Don’t Forget Me – Remembering Conspiracy
When capital N Narrative games come out to play, it’s important that they bring a story worth paying attention to. The Moon Pirates’ debut game Don’t Forget Me struggles a little under the weight of its subject matter, but only thanks to its drive to explore the idea of memory in all its possibilities, with as little filler as possible.
Pulling from the tried and true ‘narrative with branching paths’ formula, Don’t Forget Me aims to weave a cyberpunk tale of what memory truly means to us, and what it could mean if our fundamental capacity to remember was threatened. Built on top of that visual novel-style narrative is a text-based mechanic giving you the power to extract and examine those memories in search of a deeper truth.
This text mechanic is what sets Don’t Forget Me apart, and it’s a neat addition. Digging into people’s memories requires threads to pull on. Begin with a keyword – say, “memo” – and from the description of that memo, begin expanding out with other keywords. The memo might mention a “meeting”, for example.
It’s a difficult needle to thread, but The Moon Pirates have managed to pull it off fairly well. With only a few potential branches at any given moment, the thousands of potential words are staggering, yet I never ended up so stuck I had to ask for help. The “worst” things got were several minutes thinking over potential solutions, before managing to figure out the correct word to move toward my goal.
This is great not only as a novel mechanic but a clever story device. You really have to think about the story you’re experiencing – if you haven’t been paying attention, well for one, what are you doing playing a story focused game, but two, it’s much easier to get caught up in the world when knowledge investment is necessary to continue onward.
As a narrative, it’s… easy to see this is a first outing. That’s not necessarily a bad thing mind you – Don’t Forget Me has a lot it wants to talk about. The flip side is, Don’t Forget Me has a lot it wants to talk about. When a play-through lasts a couple of hours, there’s only so much that you can pack in, and the fast clip at which heavy subject matter pops up, again and again, leaves little room for characters to breathe.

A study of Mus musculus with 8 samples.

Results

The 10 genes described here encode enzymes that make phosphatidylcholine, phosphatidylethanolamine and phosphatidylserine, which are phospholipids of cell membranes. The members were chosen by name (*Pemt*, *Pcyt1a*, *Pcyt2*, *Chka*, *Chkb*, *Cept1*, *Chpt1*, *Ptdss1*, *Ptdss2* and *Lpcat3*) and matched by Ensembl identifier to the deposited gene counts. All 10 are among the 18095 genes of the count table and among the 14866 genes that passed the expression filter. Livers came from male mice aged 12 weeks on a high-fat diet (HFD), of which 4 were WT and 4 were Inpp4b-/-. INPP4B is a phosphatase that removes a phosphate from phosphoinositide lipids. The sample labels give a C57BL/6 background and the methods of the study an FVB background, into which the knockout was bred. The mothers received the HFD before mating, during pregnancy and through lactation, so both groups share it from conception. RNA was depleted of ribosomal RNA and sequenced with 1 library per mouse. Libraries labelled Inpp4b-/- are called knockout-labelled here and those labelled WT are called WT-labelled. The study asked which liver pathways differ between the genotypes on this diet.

On one hand, it’s kind of nice to not be filled with a bunch of content that seems irrelevant, taking a long time to wrap around to the point the game wants to make. On the other, the story beats it wants to hit don’t feel as earned, and the character moments not as impactful as a result. You don’t really have a sense of these people outside the immediate situations – it’s plot over character or more characterisation solely in service of plot. It would be nice to spend some downtime in general with these characters, get attached to and care for them in ways the developers very clearly do, so when the moments of dramatic tension crescendos, it hits you right in the feels.
As a result of the myriad of ideas at play, things do get lost in the shuffle somewhat. Every narrative through-line in the game is centered around memory; the basis of which is formed around – at first anyway – the preservation of it.
What memories people choose to canonise in this fiction draws parallels to current day social media – the most joyous of occasions, significant milestones and the like. However, almost immediately, this idea is discarded in favour of another. Not long after that, the moral complications around that are cast aside for a new problem of world-shattering scale. The leaps between each are a little jarring, insofar as you’ve only just wrapped your head around the current one before you’re whisked away to the next.
Every idea brought to the table is an incredibly cool base to build a narrative from. All pulled together however, it becomes a lot to handle. It’s still easy to admire The Moon Pirates’ work though. It feels less like an incoherent mishmash of cyberpunk soup, and more like a team whose excited ambition may have outsized the cart it was pulling. I’ll always have time for the work that shoots high but might not quite land, over the generic, bland same-old any day.
Don’t Forget Me may not completely pay off the cheque it wants to cash. It can oscillate a little wildly at times, almost leaving you in the dust as it rushes to its next beat. But it’s a story that wants to talk about something, with a neat mechanical twist on the old branching narrative game to boot. For a freshman effort by a budding French team, it’s a neat experience worth paying attention to.
Don’t Forget Me was reviewed on PC via code graciously provided by the publisher.